Find out more about the Producer of the ballet
Read how Paquita allows the girls to shine after the male-dominated Edward II
Nine Sinatra Songs
How Sinatra inspired the dance
What built the choreographer's reputation?
Read what the critics have said about previous BRB performances of the ballet
Daphnis and Chloë
Find out about the original creative team behind the ballet
Find out about the characters in the ballet
Charmed Life: John Craxton RA
Find out about the artist responsible for the ballet's designs
Paquita originally started out as a narrative ballet, telling the story of a Spanish gypsy girl called Paquita, who falls in love with a French nobleman called Lucien. Unfortunately, due to their differences in background and social standing, the two characters are incompatible. Later it is discovered that the gypsies are not her real family, and that they saved her from a pirate massacre when she was just a child. Travelling the country, they find and reunite her with her original family, revealing her to be the daughter of a nobleman, and she and Lucien are united.
Since its premiere in 1846, a number of different versions of the ballet have been performed, most extracting particular sections of the music and/or choreography to create shorter pieces, focussing on the dance itself rather than the story. Such is the strength of the material, the loss of the narrative makes these versions no less entertaining.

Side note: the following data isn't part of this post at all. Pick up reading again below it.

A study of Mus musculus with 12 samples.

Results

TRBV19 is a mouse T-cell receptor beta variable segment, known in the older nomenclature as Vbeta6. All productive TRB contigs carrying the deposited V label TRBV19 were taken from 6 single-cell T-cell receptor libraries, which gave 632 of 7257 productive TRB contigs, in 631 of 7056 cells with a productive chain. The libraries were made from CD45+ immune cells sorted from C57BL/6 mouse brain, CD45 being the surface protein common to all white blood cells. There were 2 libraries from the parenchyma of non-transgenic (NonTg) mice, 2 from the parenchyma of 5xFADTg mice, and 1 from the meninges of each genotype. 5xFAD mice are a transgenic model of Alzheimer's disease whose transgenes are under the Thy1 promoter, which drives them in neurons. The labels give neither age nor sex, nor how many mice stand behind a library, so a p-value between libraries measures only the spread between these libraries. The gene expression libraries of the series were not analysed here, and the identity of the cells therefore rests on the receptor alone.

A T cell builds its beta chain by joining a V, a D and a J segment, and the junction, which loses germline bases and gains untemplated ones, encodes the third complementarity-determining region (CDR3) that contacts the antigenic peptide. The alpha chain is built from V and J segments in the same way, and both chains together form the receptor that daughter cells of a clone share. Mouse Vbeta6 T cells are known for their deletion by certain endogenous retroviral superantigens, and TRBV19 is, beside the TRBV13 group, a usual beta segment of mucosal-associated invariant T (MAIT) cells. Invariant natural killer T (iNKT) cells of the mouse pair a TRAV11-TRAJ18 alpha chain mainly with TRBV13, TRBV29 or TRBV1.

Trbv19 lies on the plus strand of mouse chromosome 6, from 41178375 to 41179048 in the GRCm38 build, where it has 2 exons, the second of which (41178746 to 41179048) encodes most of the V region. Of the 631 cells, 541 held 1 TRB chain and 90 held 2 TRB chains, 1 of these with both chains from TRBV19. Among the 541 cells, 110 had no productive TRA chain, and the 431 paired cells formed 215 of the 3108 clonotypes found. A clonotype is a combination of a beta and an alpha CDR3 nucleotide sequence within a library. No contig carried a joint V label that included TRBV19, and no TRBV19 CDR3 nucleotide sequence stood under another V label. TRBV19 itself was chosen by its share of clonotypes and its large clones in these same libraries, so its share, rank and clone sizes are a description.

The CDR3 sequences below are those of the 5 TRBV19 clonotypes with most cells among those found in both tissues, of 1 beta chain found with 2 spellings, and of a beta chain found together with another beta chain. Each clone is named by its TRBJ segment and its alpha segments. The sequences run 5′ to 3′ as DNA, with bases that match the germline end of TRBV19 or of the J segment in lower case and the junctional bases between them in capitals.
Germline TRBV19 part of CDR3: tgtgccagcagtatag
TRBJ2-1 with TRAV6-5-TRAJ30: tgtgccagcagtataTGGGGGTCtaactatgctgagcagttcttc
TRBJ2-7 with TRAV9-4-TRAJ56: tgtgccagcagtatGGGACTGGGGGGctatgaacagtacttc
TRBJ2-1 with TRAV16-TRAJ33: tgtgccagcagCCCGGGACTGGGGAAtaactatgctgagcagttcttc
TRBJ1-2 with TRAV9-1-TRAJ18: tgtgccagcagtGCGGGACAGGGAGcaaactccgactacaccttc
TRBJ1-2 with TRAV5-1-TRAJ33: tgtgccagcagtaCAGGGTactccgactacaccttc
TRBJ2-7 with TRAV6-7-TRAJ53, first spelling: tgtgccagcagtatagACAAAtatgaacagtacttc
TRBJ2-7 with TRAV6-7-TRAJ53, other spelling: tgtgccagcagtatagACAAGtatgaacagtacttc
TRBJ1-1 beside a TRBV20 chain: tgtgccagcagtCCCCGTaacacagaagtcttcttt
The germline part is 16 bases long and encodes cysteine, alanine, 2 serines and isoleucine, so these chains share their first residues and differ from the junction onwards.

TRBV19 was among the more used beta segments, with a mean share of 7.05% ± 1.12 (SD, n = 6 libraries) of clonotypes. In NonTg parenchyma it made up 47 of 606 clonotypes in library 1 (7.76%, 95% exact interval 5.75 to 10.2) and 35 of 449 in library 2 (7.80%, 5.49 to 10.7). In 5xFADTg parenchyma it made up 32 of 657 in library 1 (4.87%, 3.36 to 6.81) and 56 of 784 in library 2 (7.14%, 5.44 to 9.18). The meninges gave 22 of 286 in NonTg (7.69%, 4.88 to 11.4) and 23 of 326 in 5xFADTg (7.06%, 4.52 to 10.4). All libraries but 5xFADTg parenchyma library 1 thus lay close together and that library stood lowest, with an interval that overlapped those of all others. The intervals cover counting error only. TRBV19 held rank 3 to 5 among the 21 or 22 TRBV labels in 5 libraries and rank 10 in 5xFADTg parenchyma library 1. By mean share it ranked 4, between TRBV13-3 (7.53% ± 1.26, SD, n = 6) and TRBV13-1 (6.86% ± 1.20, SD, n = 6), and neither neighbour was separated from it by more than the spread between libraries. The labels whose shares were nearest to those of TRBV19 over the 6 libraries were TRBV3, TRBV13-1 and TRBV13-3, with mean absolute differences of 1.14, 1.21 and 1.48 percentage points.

The choreography itself was originally by Joseph Mazilier, who was quick to exploit the exceptional pointe work of his first Paquita, an acclaimed dancer named Carlotta Grisi. Grisi had also been the first to perform the emotive title role in Marius Petipa's Giselle, five years previously, to great acclaim. The first Lucien was Lucien Petipa, brother of Marius himself. Marius twice staged his own version of the ballet years later, the second being the most successful, due in no small part to a number of extra dances that he introduced, to additional music by Ludwig Minkus.
Petipa went on to choreograph Swan Lake, one of Birmingham Royal Ballet's most popular productions, and his work on Paquita bears many of the hallmarks that have made the classical favourite so well-loved; smooth, shimmering moments of pure dance, lushly spectacular climaxes, and demanding steps for everyone involved – look out for an earlier appearance of Swan Lake 's breathtaking trademark 32 fouettés (requiring the ballerina to spin repeatedly on pointe for a full 30 seconds whilst keeping time with the music!). Like that ballet, BRB's production of Paquita is also dominated by female dancers – only one male appears on the stage throughout the entire performance – and at many times the steps of the principal are mirrored by the corps de ballet, providing challenges for all involved.
Petipa is known today as 'the father of classical ballet', cited by virtually everyone of note in the world of classical dance, and Paquita offers a taster of the great choreographers work, ahead of his full-length classics, Swan Lake and Giselle, later in the season.